Majority of Drug Ads Found to Be Misleading or False


Researchers at Dartmouth College and the University of Wisconsin-Madison found that 60% of prescription drug ads and 80% percent of over the counter drug ads were misleading or false. “These results are in conflict with proponents who argue the social value of drug advertising is found in informing consumers about drugs,” concludes one author of the study, which appears in the Journal of Internal Medicine.

Abstract →

Faerber, A., Kreling, D.; Content Analysis of False and Misleading Claims in Television Advertising for Prescription and Nonprescription Drugs. Journal of Internal Medicine. September 2013

Of further interest:
Study Finds Most Drug Commercials Misleading (Scientific American)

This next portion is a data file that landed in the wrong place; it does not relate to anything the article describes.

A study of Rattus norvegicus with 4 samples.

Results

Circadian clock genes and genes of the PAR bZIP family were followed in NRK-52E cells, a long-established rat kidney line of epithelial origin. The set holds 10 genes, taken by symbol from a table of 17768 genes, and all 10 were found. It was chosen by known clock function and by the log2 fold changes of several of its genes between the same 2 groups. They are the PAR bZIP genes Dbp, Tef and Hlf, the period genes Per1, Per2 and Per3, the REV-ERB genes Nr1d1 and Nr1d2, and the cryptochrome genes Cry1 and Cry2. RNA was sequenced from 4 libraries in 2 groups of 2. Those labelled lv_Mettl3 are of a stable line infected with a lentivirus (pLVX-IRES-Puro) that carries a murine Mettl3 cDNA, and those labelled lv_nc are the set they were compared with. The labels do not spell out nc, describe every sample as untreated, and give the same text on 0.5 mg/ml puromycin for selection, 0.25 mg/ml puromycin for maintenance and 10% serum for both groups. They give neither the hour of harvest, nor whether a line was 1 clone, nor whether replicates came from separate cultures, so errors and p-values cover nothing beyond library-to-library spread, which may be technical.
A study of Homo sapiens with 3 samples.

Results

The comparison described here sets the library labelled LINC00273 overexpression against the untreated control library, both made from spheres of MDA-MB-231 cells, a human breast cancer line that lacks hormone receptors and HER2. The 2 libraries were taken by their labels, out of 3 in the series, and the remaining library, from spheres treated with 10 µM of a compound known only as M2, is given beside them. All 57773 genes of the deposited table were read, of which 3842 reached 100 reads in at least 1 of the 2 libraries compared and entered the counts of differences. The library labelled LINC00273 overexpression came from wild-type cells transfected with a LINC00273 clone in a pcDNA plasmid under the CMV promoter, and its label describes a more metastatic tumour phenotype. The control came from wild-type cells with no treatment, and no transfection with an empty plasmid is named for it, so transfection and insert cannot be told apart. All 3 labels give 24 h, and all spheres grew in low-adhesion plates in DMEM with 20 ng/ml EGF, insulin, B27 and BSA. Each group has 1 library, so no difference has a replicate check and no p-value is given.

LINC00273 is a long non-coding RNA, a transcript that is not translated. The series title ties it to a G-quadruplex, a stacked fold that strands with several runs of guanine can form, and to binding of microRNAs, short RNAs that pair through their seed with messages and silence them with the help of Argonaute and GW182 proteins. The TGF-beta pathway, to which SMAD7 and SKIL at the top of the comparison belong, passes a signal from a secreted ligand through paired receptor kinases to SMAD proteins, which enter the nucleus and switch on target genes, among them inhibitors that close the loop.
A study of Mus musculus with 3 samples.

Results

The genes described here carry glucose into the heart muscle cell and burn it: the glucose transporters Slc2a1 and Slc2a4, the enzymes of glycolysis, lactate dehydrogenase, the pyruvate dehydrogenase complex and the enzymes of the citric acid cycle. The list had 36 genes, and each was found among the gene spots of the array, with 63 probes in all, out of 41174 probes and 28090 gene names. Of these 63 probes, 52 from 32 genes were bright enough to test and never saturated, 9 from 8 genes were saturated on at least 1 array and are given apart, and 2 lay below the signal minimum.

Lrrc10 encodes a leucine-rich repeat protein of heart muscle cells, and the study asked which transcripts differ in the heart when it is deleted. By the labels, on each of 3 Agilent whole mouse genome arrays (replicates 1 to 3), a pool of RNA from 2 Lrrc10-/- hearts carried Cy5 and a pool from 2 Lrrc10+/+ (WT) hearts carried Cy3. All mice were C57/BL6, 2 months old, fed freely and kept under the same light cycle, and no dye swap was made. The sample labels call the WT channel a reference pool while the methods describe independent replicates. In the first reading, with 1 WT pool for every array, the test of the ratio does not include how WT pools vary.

Kermit Cole, MFT, founding editor of Mad in America, works in Santa Fe, New Mexico as a couples and family therapist. Inspired by Open Dialogue, he works as part of a team and consults with couples and families that have members identified as patients. His work in residential treatment — largely with severely traumatized and/or "psychotic" clients — led to an appreciation of the power and beauty of systemic philosophy and practice, as the alternative to the prevailing focus on individual pathology. A former film-maker, he has undergraduate and master's degrees in psychology from Harvard University, as well as an MFT degree from the Council for Relationships in Philadelphia. He is a doctoral candidate with the Taos Institute and the Free University of Brussels. You can reach him at [email protected].